WASHINGTON – Why would Greece accept more pain when unemployment is at 21 percent, the economy is enduring its fifth year of recession and rioters are hurling gasoline bombs in the streets of Athens?
Because the alternative might be worse.
Greek leaders are gritting their teeth as they move forward with a plan to further slash spending in return for a bailout of about $172 billion (€130 billion) from other countries in Europe and around the world. The Greek Parliament is scheduled to vote on the plan Sunday.
Greece is trapped in a lose-lose predicament: It must deepen an austerity plan begun in 2010 that will throw many more people out of work. Or it must default on its debts, abandon Europe's single currency and see its banking system implode.
"The choice we face is one of sacrifice or even greater sacrifice — on a scale that cannot be compared," Greek Finance Minister Evangelos Venizelos said.
Here is a closer look at Greece's two bleak options:
— Impose deep spending cuts in exchange for the bailout.
Greece needs the bailout to make a $19.1 billion (€14.5 billion) bond payment due March 20. Prime Minister Lucas Papademos warned that "a disorderly default would cast our country into a catastrophic adventure."
Papademos said the plan would help lift Greece out of recession next year.
In addition to the $172 billion bailout, Greece is negotiating a deal that would reduce the roughly $264 billion in debt it owes private creditors. Under that arrangement, about $132 billion would be shaved off the national debt and Greece would get more favorable repayment terms.
Selling government-owned companies, exposing professionals like architects and pharmacists to more competition and imposing other reforms is designed to make the economy more efficient in the long run.
Even with the austerity plan in place, the International Monetary Fund estimates it will be 2020 by the time Greece can shrink its debt load to a sustainable level.
Such austerity can be counterproductive because it can slow the economy and reduce tax revenue.
The government acknowledges that the austerity plan would cause Greece's economy to shrink 4 percent to 5 percent this year. Without it, the government would expect the economy to contract just 2.8 percent. The plan includes lowering the minimum wage by 22 percent and laying off 15,000 government workers this year.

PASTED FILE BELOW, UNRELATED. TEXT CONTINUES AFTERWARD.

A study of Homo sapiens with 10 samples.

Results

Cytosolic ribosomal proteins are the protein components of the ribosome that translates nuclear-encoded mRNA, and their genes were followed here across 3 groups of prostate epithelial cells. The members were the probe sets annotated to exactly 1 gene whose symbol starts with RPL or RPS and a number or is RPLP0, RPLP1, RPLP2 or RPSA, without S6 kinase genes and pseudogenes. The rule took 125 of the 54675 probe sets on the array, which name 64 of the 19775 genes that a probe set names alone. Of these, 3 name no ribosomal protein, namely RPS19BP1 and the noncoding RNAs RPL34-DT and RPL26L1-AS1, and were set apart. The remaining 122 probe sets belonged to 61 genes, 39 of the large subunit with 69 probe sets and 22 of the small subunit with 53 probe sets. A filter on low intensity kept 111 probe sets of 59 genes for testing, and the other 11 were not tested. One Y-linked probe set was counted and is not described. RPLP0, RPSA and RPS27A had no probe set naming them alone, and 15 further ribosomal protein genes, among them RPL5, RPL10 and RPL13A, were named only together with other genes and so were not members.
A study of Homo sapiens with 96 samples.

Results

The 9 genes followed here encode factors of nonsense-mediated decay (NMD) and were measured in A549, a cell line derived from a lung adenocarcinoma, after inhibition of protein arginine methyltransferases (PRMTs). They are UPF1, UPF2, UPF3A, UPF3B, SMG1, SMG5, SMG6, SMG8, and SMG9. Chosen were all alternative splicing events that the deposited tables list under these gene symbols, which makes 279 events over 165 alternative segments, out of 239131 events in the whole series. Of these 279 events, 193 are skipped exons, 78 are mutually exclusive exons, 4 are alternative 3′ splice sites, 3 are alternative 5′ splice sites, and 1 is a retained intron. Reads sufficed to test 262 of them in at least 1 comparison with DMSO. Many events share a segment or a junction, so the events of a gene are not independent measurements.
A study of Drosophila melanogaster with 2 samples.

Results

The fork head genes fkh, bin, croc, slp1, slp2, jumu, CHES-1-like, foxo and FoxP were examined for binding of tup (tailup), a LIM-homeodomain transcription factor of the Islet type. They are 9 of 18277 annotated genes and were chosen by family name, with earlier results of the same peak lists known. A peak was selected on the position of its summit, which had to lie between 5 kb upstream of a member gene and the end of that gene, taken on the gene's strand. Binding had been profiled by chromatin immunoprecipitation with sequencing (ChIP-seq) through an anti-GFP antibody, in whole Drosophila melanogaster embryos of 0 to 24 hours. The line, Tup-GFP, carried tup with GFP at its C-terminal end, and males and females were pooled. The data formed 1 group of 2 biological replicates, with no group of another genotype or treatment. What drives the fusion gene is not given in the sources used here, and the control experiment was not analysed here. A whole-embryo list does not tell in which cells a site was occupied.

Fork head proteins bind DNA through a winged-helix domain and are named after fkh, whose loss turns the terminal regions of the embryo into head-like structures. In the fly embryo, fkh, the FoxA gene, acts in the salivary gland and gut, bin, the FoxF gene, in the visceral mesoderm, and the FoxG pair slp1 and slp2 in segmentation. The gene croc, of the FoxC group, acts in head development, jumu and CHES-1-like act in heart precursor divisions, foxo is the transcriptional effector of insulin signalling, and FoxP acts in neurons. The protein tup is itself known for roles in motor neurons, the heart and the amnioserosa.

So far, austerity has done nothing to reduce Greece's debt burden. Government debt as a percentage of the economy actually grew after it began imposing austerity — to nearly 160 percent in the July-September quarter of 2011 from 139 percent a year earlier.
"The whole plan was a losing proposition," says Dimitri Papadimitriou, president of the Levy Economics Institute and professor at Bard College.
Austerity is causing widespread hardship and inflaming social tensions. Papdimitriou worries that Greek society is "disintegrating" under the strain: "Poverty has been increasing, homeless rates have been increasing."
So have crime and suicides.
— Default and drop the euro.
Defaulting on its debt would ease the immediate strain on Greece's finances and probably cause it to abandon the euro, the currency used by 17 countries.
Dropping the euro would leave Greece with a much cheaper currency, its own drachma. That would juice Greece's economy by making Greek products less expensive around the world. This would give Greek exporters a competitive edge.
In the 1990s, Canada used a weak currency to expand exports and grow its way out of high government debts, says Simon Tilford, chief economist at the Centre for European Reform in London. As long as it's shackled to the euro, Greece lacks that option.
Bernard Baumohl, chief global economist at the Economic Outlook Group, thinks economic and financial pressure will eventually drive Greece to drop the euro.
And he thinks that would be for the best.
"What is worse for Europe — to have this matter linger on and on, with European citizens having to continue to bail out Greece and Portugal? Or to face the reality that these countries should not have joined the euro in the first place?" Baumohl asks.
Exiting the euro would throw Greece's banking system into chaos. Lenders would panic over the prospect of being repaid not in euros but in drachmas of dubious value. Adopting a suddenly much weaker currency could also ignite Greek inflation because prices of imported goods would soar.
International investors would be reluctant to lend to Greece's government, its companies or its banks. The freeze-up in credit could cause a depression, worse than what Greece is suffering now. Economists at UBS estimate that Greece's economy would shrink by up to 50 percent if it left the eurozone.
The pain would also likely spread as European banks absorbed losses on their loans to Greece. The worst-case scenario: A disaster akin to what followed Lehman Brothers' collapse in September 2008. Banks grew too fearful to lend to each other. Credit froze worldwide.
Some economists would like to see European governments produce a rescue package that pairs government cuts and reforms with economic aid designed to spur growth in Greece.
"When you have over 20 percent unemployment, you need to do something," Papadimitriou says.
He wants European countries to propose something like the U.S. aid plan that rescued an impoverished Europe after World War II.
"You need something similar to the Marshall Plan," Papadimitriou says.
Rexrode reported from New York. Associated Press Writer Derek Gatopoulos contributed to this report from Athens.